When Worlds Collide

Late last October my brother, who was the local Family Caregiver for my mother, called to let me know that our mom had fallen and an ambulance was taking her to the hospital. Later that day, he confirmed that she broke the hip and I hopped on an airplane to make the quick trip to Georgia. Four hours later, I walked into her hospital room and crashed the party.

The local Family Caregiver always bears the most significant responsibility for their loved one’s health and well-being. You might manage medical appointments, prescription refills, grocery shopping, making sure the bills get paid, or any number of other obligations and events. You are the champion of the routine and the mundane things in the life of your loved one. But when a crisis arises, perhaps other well-meaning family members rush in (like I did) with the best of intentions, but possibly not the best knowledge of your loved one’s current situation.

Family tensions can escalate quickly when the primary decision maker feels that they are being questioned, challenged, and even possibly blamed for the most recent crisis. Feelings bruise easily, and defensive walls come up quickly. Furthermore, well-established routines and lines of communication can easily break down when this situation occurs. In my family’s scenario, my brother felt pushed aside when I, the older sibling, arrived and moved in. I stayed at the hospital with my mother almost around the clock for several days. My brother came and went, and was able to keep his schedule at work while stopping by frequently to check on how our mom was doing. When we moved her back home six days after she went to the hospital, the broken hip repaired but the emotional and psychological damage was irreparable, we settled into a new routine that included around-the-clock staffing with Home Instead CAREGivers, supplemental care from a local hospice provider, and lots of waiting.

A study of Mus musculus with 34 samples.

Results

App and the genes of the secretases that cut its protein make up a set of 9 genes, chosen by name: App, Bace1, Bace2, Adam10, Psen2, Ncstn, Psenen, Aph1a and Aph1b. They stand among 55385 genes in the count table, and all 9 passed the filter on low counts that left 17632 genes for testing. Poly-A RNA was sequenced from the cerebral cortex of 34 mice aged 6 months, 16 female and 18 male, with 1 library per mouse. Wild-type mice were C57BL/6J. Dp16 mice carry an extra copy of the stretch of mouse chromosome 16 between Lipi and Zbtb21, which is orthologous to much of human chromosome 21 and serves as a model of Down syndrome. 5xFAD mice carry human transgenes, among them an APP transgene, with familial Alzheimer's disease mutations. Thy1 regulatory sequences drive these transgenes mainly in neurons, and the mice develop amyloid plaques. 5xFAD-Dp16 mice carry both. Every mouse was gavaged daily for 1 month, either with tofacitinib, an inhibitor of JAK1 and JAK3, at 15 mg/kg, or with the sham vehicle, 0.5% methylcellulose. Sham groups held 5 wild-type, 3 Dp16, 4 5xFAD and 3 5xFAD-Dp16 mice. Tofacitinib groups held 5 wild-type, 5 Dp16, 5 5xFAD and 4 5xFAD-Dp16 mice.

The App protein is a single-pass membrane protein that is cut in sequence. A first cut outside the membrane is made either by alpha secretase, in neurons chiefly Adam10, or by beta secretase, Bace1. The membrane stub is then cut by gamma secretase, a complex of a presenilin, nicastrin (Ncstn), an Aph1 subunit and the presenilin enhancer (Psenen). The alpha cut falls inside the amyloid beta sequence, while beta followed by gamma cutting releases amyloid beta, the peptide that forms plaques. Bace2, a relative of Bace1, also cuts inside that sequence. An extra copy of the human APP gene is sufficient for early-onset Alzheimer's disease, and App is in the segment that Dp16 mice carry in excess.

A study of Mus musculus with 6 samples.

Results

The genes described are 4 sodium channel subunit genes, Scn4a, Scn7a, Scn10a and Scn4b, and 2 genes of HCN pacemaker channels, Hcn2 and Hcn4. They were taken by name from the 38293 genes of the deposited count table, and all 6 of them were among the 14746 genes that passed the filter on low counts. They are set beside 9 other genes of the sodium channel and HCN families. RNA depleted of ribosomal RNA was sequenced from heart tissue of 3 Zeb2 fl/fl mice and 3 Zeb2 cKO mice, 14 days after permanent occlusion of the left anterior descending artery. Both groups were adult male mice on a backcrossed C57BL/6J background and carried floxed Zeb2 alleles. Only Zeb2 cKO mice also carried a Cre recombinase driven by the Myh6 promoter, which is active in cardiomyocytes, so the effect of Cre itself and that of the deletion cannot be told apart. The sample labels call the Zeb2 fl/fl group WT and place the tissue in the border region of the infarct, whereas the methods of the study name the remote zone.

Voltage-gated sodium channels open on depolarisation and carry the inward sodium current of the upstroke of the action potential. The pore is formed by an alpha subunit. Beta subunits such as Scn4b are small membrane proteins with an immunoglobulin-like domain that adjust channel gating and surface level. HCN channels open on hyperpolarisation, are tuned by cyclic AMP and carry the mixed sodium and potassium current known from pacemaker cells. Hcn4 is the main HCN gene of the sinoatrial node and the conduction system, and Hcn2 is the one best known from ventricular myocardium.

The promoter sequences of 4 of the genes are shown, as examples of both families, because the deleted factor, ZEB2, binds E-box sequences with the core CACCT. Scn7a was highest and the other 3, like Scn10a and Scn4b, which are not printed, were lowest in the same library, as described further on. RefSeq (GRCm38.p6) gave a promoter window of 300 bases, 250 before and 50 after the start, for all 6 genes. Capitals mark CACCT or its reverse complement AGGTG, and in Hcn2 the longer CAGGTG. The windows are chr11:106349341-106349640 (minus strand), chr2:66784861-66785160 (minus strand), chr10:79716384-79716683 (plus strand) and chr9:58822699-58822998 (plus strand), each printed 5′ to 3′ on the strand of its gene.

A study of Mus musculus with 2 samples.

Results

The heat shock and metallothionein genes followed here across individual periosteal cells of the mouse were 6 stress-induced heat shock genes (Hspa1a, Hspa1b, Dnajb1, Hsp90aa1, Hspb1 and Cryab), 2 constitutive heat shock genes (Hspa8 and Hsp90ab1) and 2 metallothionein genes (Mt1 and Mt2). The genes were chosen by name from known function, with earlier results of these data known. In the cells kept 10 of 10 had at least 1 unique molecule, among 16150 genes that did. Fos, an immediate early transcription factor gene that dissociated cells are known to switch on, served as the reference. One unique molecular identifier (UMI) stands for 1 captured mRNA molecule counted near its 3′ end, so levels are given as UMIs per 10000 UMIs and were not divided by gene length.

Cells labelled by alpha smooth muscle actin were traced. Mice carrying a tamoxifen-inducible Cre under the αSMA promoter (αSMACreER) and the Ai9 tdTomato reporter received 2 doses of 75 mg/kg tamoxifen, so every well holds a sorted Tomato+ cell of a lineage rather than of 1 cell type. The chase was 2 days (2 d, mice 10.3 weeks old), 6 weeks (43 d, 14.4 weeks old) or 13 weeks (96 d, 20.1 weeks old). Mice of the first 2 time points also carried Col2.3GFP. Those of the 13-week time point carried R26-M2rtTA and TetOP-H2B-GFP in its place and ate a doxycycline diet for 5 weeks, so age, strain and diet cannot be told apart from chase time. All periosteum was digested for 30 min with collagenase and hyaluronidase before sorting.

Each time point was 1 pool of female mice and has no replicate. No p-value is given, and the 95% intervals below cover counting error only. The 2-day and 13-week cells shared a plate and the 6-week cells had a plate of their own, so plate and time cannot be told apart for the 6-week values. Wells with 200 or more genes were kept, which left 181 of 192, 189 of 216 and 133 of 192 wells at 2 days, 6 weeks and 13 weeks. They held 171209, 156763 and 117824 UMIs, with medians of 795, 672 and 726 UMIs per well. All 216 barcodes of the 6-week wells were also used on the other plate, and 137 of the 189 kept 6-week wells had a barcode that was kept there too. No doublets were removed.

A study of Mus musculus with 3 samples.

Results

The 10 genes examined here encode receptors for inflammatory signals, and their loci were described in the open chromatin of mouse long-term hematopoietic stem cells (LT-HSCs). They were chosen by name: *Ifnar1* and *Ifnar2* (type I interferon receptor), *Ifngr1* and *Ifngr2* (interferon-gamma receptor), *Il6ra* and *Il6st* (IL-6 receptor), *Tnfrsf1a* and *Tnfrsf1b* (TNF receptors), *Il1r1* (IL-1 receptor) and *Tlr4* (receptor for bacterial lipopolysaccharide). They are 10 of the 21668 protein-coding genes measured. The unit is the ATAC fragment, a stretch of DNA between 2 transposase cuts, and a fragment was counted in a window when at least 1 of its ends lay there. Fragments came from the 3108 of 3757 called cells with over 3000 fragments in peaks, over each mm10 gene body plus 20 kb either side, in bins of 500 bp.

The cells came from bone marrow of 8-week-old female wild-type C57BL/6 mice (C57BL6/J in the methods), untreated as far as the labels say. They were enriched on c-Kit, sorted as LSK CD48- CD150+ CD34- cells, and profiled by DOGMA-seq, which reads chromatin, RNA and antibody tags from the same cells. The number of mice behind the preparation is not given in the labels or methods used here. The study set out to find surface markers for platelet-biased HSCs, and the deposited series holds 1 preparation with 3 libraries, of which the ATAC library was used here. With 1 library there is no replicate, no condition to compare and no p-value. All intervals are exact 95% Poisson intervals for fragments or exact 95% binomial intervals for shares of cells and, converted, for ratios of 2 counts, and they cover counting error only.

After three days at home, with me coaching the CAREGivers and overseeing the hospice staff, my brother encouraged me to go back home to Virginia. “We’ve got this,” he said, “and you need to go home to your family. I’ll call you when you need to come back.” This statement was code language for “Get out of the way and let me be the local Family Caregiver again.” I realized that he was right; I needed to get out of the way and let the new care team find their rhythm, without my constant interruption and need for control. I needed to respect and affirm my brother’s authority as the primary decision maker.

When a crisis occurs within a family caregiving situation, it is essential for the Family Caregiver to know that they are supported and recognized for the valued (and hard) work that they do in their crucial role. It is equally important that they are allowed the opportunity to continue in their primary role as decision-maker, schedule coordinator, and whatever other responsibilities they handle unless they ask for help.

When my brother called me three weeks after I went back to Virginia to let me know that I needed to return, neither he nor I knew that I would remain until our mother’s death on December 21, 2017. She passed away peacefully at home, with me by her side. My brother thanked me repeatedly over the weeks I was there, for handling the numerous details that came up during my mother’s last days. I told him how much I valued and appreciated all that he did to care for our mother over the past five years, and that I was honored to partner with him in her care over the last year of her life. We were both blessed to have each other during those last weeks with my mother.